Defensive end Jared Allen, the Kansas City Chiefs' designated franchise player, has scheduled visits with two NFL teams even though he doesn't have any assurance the Chiefs would even consider trading him.
According to a source, Allen is in the process of scheduling trips to the Minnesota Vikings and Tampa Bay Buccaneers over the next week. Because he is an unsigned franchise player, Allen has the freedom to meet and talk to teams, but the current price tag for a team wanting to sign him is two No. 1 picks, which is a price most teams aren't willing to consider.
Negotiations between the Chiefs and Allen are at the very beginning stage and no deal is close. ESPN's Michael Smith reported that according to league sources, the Chiefs don't intend to re-sign Allen and expect to deal him before they pick fifth overall in the NFL draft.
The Chiefs confirmed Thursday that they are talking to a "few teams" about a possible trade for Allen.
Should the Chiefs be willing to listen to a trade, it creates an interesting scenario. The Chiefs currently have the No. 5 pick in the draft and are in need of offensive linemen. If the Chiefs would consider a trade of Allen, they could select Vernon Gholston or Chris Long to help them at defensive end and then take an offensive lineman with a first-round pick acquired in a trade.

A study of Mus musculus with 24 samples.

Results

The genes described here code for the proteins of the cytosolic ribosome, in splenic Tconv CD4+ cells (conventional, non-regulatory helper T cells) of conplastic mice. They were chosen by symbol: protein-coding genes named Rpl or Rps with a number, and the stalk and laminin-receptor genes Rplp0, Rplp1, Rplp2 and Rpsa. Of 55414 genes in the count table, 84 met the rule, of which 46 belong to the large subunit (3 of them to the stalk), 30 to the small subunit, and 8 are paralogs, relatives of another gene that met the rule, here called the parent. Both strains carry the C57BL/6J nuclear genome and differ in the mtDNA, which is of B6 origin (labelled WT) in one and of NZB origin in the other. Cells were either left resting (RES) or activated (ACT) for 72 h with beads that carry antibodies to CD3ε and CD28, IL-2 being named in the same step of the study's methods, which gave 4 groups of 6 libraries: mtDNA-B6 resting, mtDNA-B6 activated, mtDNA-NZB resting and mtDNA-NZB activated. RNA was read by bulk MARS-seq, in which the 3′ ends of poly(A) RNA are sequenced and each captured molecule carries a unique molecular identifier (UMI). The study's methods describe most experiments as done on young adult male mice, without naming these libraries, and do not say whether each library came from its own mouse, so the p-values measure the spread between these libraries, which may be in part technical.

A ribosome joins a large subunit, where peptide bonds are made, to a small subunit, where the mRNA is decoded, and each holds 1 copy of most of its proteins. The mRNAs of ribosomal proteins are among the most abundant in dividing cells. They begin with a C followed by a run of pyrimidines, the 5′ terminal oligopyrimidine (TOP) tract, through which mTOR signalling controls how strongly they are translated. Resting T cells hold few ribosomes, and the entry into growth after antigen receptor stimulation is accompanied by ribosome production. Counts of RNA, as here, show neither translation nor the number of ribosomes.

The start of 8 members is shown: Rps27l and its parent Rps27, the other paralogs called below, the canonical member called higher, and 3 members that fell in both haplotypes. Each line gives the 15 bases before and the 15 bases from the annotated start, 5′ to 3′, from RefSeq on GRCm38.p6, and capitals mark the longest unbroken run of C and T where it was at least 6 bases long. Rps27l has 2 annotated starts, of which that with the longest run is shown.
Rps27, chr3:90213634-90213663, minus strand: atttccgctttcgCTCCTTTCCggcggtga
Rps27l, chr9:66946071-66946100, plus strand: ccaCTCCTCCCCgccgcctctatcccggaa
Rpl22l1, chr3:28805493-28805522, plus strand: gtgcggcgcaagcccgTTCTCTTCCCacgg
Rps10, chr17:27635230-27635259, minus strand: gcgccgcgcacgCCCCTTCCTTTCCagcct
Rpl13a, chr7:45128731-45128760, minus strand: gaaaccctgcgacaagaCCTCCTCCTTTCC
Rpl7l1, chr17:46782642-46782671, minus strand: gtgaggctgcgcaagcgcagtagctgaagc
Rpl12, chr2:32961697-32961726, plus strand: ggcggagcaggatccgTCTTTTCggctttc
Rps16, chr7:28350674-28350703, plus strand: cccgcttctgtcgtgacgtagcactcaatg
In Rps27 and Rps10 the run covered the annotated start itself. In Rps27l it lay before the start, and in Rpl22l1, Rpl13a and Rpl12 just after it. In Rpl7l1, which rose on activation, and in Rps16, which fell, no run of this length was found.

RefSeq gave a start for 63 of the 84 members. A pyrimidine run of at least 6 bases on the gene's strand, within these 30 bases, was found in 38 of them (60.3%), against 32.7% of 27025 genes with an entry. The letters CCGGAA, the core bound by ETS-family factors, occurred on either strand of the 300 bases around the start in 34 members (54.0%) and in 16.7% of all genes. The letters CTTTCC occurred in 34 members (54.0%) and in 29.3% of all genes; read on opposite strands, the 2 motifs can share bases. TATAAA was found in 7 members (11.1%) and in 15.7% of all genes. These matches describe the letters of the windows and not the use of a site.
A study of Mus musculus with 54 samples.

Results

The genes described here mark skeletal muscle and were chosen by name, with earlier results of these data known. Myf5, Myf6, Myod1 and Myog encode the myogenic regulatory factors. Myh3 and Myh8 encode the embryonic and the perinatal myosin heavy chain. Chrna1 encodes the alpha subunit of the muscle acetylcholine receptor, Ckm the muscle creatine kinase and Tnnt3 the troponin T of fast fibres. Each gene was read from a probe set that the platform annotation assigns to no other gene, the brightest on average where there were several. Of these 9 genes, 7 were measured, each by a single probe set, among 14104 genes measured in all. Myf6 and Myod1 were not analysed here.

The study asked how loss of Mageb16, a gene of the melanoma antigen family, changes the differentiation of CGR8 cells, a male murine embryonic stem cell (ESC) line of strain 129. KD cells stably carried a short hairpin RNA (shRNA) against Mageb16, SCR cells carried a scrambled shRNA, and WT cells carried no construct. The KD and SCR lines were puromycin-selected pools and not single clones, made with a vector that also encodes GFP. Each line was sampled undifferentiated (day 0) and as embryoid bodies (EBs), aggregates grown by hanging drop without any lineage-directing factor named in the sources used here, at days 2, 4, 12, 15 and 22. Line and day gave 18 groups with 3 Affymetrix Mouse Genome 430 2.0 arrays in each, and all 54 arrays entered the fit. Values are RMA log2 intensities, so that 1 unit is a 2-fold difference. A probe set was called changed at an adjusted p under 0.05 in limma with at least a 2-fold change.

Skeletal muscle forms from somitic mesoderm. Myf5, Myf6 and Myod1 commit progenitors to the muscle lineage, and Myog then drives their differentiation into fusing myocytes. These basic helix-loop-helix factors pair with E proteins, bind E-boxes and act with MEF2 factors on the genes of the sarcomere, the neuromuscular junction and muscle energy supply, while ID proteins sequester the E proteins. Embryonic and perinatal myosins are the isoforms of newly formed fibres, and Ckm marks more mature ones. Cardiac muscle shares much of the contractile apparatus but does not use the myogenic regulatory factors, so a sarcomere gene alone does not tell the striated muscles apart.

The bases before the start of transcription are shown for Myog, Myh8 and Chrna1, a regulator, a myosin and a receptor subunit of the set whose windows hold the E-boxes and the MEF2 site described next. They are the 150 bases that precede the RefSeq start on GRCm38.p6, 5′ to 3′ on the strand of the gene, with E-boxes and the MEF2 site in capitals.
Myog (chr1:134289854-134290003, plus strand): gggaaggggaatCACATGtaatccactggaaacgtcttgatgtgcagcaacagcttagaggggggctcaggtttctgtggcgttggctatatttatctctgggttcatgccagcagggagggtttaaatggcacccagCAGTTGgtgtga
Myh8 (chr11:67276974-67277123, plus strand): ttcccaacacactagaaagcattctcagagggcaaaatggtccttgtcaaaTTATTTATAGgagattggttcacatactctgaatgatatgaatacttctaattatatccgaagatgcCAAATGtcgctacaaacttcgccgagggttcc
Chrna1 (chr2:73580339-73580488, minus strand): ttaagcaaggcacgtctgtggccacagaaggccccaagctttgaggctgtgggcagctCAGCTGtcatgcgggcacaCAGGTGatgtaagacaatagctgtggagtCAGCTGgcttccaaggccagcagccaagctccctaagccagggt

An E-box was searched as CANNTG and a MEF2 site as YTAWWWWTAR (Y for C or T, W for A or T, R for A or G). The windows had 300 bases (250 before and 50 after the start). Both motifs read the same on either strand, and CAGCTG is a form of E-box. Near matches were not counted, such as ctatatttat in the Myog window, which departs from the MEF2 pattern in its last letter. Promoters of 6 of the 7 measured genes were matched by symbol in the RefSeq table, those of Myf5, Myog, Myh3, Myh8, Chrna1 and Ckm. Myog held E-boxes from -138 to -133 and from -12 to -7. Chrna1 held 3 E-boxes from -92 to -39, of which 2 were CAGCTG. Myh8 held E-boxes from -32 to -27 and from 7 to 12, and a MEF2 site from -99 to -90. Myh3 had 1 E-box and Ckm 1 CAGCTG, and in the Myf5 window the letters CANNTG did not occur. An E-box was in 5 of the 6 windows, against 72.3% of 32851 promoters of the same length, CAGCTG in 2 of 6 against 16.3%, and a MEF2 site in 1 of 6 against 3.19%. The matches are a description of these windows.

Smith reported that according to sources, the Vikings appear to be a front-runner because they have, and are willing to deal, Kansas City what it wants most -- draft choices.
Tampa Bay only has five picks in this year's draft and, according to sources, the Bucs are reluctant to include more than a first-round pick for Allen. The Bucs have offered their first-round pick and a fifth-round pick next year, and their proposed deal could also include defensive lineman Jovan Haye, Smith reported.
Meanwhile Minnesota is considering offering its first-round pick and a second-round pick in 2009, while the Chiefs would prefer to deal for picks in this year's draft, sources told Smith.
John Clayton is a senior NFL writer for ESPN.com. ESPN reporter Michael Smith contributed to this report.